Module 6, Lesson 2


baby sneezingColds are the most common upper respiratory infection (URI). Viruses are the usual cause for colds. A runny nose called rhinorrhea and a cough are common especially at night. There is often an initial low-grade fever. Other viral symptoms may also be evidenced dependent on the virus. The rhinorrhea usually lasts from 1 – 2 weeks. The nasal drainage turns from clear to cloudy and is thicker and greener during the course of time. If there is a new onset of fever at the end of the course, it could be a signal that there is a bacterial infection or a new illness and this should immediately by checked by the child's primary medical provider. Complications of colds are otitis media and sinusitis.

Ear Infections

Ear Infections can occur in the outer, middle or inner ears, but are more common in the middle ear. An infection of the middle ear is called otitis media. Otitis media usually occurs secondary to a cold. It may also begin as a response to an allergen. Approximately 33 % of children are prone to otitis media infections and many have three or more infections a year. The first infection usually occurs before 3 months of age. There are also a third of children who almost never have an otitis media infection.

Viruses are the most common cause of ear infections. Bacteria may also cause otitis media including pneumoccus, group A streptococcus, staphlococcus aureus, and Haemophilus influenza. A mycoplasma infection may also cause an otitis media. The symptoms include redness of the eardrum (tympanic membrane), fluid behind the eardrum and/or pus in the external auditory canal. Fluid may continue to be present following the infection. Seventy percent (70%) of children have fluid present 2 weeks after the infection; 40% after 4 weeks; 20% after 2 months; and 10% after 3 months. Fluid causes sounds to be muffled and can affect the acquisition of good speech. Therefore all otitis media infections need to be followed closely by the primary medical provider or health care practitioner.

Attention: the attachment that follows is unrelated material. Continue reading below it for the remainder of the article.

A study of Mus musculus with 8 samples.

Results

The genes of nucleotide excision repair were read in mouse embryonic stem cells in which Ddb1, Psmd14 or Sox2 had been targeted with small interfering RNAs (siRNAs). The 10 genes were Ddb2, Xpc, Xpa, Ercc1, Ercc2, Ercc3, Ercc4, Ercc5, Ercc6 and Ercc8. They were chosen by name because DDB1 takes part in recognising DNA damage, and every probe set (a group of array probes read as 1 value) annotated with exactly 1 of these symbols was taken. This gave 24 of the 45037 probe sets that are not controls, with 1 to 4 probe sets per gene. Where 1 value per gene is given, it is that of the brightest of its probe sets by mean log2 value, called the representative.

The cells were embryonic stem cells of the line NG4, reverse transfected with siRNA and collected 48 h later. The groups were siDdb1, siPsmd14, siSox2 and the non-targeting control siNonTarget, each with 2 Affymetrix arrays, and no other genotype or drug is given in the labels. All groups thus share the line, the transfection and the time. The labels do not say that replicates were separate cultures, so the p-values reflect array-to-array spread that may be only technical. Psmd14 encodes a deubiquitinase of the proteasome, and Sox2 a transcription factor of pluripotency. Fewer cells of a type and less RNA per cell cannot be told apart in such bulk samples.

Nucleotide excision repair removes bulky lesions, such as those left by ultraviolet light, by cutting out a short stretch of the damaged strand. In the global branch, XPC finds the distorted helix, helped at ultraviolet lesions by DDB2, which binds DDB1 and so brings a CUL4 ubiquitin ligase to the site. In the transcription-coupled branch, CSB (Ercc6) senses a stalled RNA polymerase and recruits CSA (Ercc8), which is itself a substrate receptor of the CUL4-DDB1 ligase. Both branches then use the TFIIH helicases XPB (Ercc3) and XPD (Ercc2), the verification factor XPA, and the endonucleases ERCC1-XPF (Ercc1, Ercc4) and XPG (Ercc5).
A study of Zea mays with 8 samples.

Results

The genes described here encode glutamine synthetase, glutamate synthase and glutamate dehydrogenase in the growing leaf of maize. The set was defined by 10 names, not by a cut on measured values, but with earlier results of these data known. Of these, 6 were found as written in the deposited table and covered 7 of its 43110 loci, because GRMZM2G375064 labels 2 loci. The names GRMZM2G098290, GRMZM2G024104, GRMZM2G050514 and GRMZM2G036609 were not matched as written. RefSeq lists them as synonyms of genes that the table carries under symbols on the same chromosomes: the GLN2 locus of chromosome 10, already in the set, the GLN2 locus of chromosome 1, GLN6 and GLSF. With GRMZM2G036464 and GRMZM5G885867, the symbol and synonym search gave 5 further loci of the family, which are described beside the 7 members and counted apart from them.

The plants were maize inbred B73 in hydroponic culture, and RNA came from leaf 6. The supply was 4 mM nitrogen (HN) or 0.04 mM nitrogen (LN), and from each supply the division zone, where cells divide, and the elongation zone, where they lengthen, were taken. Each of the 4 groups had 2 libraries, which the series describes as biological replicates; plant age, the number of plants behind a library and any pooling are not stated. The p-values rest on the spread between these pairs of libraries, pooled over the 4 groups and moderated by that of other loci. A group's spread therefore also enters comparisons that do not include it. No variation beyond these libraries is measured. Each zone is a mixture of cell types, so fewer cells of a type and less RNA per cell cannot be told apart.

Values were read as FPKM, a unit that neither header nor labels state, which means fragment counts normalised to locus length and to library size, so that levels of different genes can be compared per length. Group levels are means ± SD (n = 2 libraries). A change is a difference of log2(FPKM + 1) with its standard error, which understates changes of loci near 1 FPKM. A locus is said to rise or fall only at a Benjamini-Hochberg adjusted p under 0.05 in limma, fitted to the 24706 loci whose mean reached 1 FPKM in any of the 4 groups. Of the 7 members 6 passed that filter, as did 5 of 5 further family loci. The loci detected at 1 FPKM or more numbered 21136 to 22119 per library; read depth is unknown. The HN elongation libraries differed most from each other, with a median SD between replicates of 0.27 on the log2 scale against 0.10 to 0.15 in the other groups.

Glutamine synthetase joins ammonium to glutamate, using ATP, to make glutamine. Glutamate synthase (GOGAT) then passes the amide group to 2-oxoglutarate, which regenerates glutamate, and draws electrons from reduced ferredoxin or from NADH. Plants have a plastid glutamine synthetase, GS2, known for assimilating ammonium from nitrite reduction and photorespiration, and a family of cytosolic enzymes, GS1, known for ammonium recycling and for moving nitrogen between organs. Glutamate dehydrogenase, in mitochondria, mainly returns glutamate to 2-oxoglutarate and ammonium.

Ear Infection Treatment

The primary treatment of ear infections includes the use of antibiotics over a period of time. Sometimes tubes are inserted into the ears if fluid continues for longer than 3 months. This requires the child to be anesthetized while they are inserted. Tubes may occasionally cause scarring and can affect the tympanic membrane. Therefore, a specialist needs to explain the pros and cons of this treatment carefully to the parents.

What should the team consider concerning ear infections related to hearing and speech?


Diarrhea is stools without form and with a lot of water. The cause of diarrhea in infants and toddlers is often linked to food. Diarrhea can be caused by infections with viruses being the most common cause; however bacteria and protozoa may also be the cause.

Soft, frequent stools may be common in infants who are fed breast milk. These infants may have up to 10 stools per day whereas a formula fed infant may have 1 – 6 stools a day or as few as one stool in three days. A soft, loose stool may be normal if the stool has some form and the frequency is normal.

If blood is noted in the stool, if the infant appears to be in continuing pain, and if there is weight loss, colitis (inflammation of the bowels) is suspected and should be treated by the primary medical provider immediately. Damage can occur if the diarrhea is severe or prolonged, keeping the intestine from absorbing necessary water and nutrients. Diet can worsen the condition and an infant under the age of 12 months should not be given cow's milk. Infants take up to two weeks to repair damage and toddlers take a shorter period of time whereas adults only take 2 – 3 days. The intestine is considered repaired if the intestine is able again to reabsorb water and the diarrhea abates. If gas, cramping, and loose stools persist after the repair period the infant or toddler would still be at nutritional risk of malabsorption. Treatment of colitis is usually supportive. If accompanied by a fever the child may be put on antibiotics. Often a lactose-reduced diet is recommended.